Tent City 311.
(photo credit: Ben Hartman)
We’re in the run-up to September, when Israel and the Palestinians have a date
with destiny at the UN. Abroad, attention is building, supporters on both sides
are turning up the volume. For Israel, for what it stands for, this is a time of
heightened significance that’s rising to a climax. Between September and the
Knesset assault on democracy, you could even say we’re in a moral
And the country’s young generation, its college students, its
best and brightest, its future leaders, have gone out into the streets to
protest for lower rents.
This is sad. This is a generation that, for all
its world music and world travel, is cut off from any political changes
happening in the world. They live in a country that’s retreating from the world,
that’s politically stagnant, petrified; they don’t like it, but they don’t know
how to change it, so the only material they have to work with, the only thing
they believe they might be able to improve, is their own personal
So forget these flotillas, forget the anti-dissent laws, forget
September, forget Israel and Palestine, forget the world – let’s just see if we
can do something about my rent, which is really killing me.
In their tent
camps in Tel Aviv, they talk about Tahrir Square to the TV reporters, that this
is their Tahrir Square. So sad. These are really bright, lively young people,
and their world is so narrow – because they live in a country that fears the
world, that tries to keep it out, that doesn’t let any new oxygen in, that has
grown old and so awfully cynical.
What a dismal country to be in if
you’re young and idealistic. Great place to party, but soul-killing. Maybe not
for young Israelis who fight to change it, but there are so few of
They have so much energy, Israel’s young people, and they have
nothing larger than themselves to give it to.
They wish they did – they
envied their Egyptian peers in Tahrir Square, they envied the young Americans
who mobilized for Obama. They want to do it here in Israel, and they sense that
this country needs real change, a brand new direction, that it’s eating itself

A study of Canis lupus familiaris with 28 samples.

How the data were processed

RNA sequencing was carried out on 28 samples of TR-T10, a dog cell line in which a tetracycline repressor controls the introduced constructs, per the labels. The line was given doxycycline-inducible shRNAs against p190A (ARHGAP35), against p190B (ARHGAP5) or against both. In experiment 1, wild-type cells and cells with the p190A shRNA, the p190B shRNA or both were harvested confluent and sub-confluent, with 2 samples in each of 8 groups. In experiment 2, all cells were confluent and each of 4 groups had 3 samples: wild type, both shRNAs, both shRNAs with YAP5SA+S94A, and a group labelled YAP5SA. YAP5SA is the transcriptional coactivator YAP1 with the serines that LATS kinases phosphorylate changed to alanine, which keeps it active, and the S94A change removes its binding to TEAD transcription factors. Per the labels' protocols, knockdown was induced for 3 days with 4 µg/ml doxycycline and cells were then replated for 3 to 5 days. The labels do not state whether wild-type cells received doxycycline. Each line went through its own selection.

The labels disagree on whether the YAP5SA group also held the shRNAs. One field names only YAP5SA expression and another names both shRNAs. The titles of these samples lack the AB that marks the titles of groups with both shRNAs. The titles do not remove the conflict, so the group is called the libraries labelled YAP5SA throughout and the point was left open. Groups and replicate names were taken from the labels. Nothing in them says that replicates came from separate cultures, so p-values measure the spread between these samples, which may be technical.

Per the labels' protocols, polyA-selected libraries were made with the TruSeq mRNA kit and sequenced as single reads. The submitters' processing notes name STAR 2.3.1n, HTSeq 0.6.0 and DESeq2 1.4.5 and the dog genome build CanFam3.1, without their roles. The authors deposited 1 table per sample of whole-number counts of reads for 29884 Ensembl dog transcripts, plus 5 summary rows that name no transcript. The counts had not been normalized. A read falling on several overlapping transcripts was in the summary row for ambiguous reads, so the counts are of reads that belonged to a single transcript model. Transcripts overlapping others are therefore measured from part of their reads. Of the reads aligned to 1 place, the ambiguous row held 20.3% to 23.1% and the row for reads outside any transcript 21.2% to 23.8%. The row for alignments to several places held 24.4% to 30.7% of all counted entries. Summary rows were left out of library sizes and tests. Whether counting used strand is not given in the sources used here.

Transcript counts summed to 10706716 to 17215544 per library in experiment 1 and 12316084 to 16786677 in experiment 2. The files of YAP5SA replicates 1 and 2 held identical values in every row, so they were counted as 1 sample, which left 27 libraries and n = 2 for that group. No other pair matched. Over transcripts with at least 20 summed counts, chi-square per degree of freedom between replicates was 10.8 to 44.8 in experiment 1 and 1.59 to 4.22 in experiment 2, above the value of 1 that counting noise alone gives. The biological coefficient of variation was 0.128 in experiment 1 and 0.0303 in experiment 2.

alive – but they don’t know which way to go or how to get there.
a lost generation. They’re not right-wing, they’re not left-wing, they’re
wingless. They’re grounded. They want careers, family, travel, the good life,
but they’re empty inside. They don’t believe in settling the West Bank, they’re
waiting in resignation for the next war, they don’t think there will ever be
peace. They have no vision of a healthy future for this country – none of the
“leaders” here has described one to them – and they feel disconnected from the
rest of the world, so they live in their little circles and don’t think about
what’s beyond, because out there it’s just bad and getting worse.
what makes this doubly sad is that these young people are not by nature selfish
or self-absorbed; Israelis grow up around people, around friends and family, and
they learn to look out for each other. These students in the tent camps care
about each other. They’d like this rent protest to grow into something bigger,
into Tahrir Square – but for what cause? They don’t know, and when this is over,
they’ll go back inside their little circles and close their ears to the racket
that’s getting louder outside.
This is not what the young generation should be doing in a country like
this at a time like this. In the past, there would have been tens of
thousands, hundreds of thousands in the streets protesting against the
government, demanding peace with the Palestinians.
MOST ISRAELIS would probably say that today’s young are just acting
rationally, that they didn’t give up on peace, peace gave up on them.
It’s not true – the whole world is trying to tell Israel it’s not true –
but people here refuse to believe it, and this is the country in which
these college students in their sleeping bags have grown up. A country
that’s cut itself off from the world, from the future. So these young
people take all that great energy and social conscience and hope and
pour it into the cause of lower rents, while the nation of Israel goes
on like an old, paranoid shut-in screaming out the window.
As the local saying goes, an outsider can’t understand it.The writer blogs at Israel Reconsidered (www.israelleft.com).